Kusama, art and “the other”- part 1

Just about a month ago, I was fortunate enough to score two free passes to Yayoi Kusama‘s exhibit at the Hirshhorn Museum in Washington, DC.  With record-breaking crowds and thousands of people trying to get the timed-passes online, I am still amazed that I was able to see, or better yet, experience her work.

I won’t forget that Thursday afternoon in April, amid a busy academic schedule, that I stole away with a friend for a few hours, and entered another world:  Kusama’s world.


Part of Kusama’s brilliant exhibit.  (Photo by: Tracy Smith)

Now that some time has passed,  I’ve been able to reflect on Kusama, my relationship with art and the connection they both have to feeling like “the other.”

Prior to seeing her exhibit, my Twitter feed was streaming with pictures that showcased cool images of a world of mirrors and lights.  And then there were the photographs of her massive paintings that boasted of bright colors and patterns.

I could hardly believe that I was going to get to see this for myself.

But what truly built my anticipation to see Kusama’s work was learning about her as an individual.

Like many others, Kusama, 87, has battled mental illness for most of her life.  She began drawing and painting when she was just 10.  Creating art became an outlet for the pain she suffered from childhood trauma.

For the last 40 years, she has chosen to live in a psychiatric hospital.  Still,  she retreats to her nearby studio each day to paint for hours.

As I was walking through the Hirshhorn Museum that April afternoon,  it was clear that this exhibit brought joy to the crowds.  People were smiling, laughing and commenting aloud on how amazing the infinity mirror rooms were.

There was a sense of childlike wonder among the adult visitors – an invitation to participate, to be a part, to be included in something magical.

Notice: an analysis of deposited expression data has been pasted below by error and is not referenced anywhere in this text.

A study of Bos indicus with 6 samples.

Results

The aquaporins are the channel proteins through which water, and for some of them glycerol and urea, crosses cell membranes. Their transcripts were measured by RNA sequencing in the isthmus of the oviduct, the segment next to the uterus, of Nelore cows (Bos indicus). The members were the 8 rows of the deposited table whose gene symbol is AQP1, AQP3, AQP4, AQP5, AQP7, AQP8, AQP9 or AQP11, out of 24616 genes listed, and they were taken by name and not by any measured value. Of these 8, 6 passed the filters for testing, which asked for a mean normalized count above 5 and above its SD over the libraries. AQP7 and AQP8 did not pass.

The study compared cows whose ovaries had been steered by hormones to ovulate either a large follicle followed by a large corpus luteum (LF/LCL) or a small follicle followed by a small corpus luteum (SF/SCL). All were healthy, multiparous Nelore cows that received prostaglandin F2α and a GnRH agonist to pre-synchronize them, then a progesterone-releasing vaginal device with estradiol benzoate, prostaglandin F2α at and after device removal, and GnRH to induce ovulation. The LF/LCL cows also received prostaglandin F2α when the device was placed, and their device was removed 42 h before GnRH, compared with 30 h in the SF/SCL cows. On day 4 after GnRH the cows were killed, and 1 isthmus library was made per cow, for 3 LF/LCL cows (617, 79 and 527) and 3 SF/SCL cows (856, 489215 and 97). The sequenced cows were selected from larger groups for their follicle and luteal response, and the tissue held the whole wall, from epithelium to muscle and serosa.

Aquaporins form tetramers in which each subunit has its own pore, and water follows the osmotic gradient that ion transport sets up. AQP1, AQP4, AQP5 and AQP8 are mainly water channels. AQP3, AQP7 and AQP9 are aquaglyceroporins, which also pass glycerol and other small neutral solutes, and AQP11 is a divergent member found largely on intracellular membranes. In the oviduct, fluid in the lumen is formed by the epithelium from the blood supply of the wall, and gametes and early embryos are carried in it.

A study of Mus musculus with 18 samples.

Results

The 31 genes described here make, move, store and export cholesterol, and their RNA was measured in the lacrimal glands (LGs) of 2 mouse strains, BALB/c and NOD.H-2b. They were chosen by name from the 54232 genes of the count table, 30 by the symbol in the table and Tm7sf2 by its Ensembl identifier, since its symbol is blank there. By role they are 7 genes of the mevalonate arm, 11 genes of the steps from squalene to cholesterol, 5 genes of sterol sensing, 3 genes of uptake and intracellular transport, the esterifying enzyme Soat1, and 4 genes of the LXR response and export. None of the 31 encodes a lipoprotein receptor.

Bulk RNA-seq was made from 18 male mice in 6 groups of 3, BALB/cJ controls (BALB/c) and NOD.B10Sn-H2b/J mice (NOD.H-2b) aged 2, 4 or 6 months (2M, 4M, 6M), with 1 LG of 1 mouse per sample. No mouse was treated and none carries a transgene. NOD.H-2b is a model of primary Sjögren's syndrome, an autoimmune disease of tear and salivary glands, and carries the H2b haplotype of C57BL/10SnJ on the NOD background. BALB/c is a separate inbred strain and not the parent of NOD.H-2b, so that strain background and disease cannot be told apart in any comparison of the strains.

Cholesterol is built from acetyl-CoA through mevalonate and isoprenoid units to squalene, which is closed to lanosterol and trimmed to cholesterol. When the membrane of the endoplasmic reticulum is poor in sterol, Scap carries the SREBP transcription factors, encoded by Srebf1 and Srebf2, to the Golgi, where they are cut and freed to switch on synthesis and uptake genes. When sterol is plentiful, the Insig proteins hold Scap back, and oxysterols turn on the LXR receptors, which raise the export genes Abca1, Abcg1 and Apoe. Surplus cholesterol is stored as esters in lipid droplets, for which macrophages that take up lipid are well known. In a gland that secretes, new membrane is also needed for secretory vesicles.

Mark adds his polka dot to Kusama’s Obliteration Room. (Photo by: Tracy Smith)

I spoke to strangers (which isn’t unusual) but strangers also spoke to me, sharing their thoughts about a particular piece.  One lady laughed aloud, pulling me aside to make a joke about a soft sculpture.

The environment was warm and friendly, welcoming and accepting.  Not your typical museum vibe in my experience.

It was as if we all knew that we hit the lottery by scoring passes, and that reality, in addition to the exhibit itself, was a shared experience.

In a 2016 interview, Kusama said that the motivation behind her art is “To reduce the class divide.  I want all the countries in the world to help each other – and that more people can strive to live in peace.”

I don’t know how many social classes were represented at the Hirshhorn that day.  If I had to guess, I would say not many.   Then again, historically, access to art has a definite correlation to social class as explained in French sociologist Pierre Bourdieu’s Distinction:  A Social Critique of the Judgment of Taste.

{And no, although I understand Bourdieu’s basic theory, I have not read his book.  I much prefer Carl Wilson‘s book on taste.}

But what I do know is this:  Kusama’s exhibit broke through the invisible divide that I have often felt while walking through an art museum.

Some museums are free and even ones that do have an admission fee, there are student discounts that I have benefited from.  So why have I felt out of place and often like “the other” when I’ve been a visitor?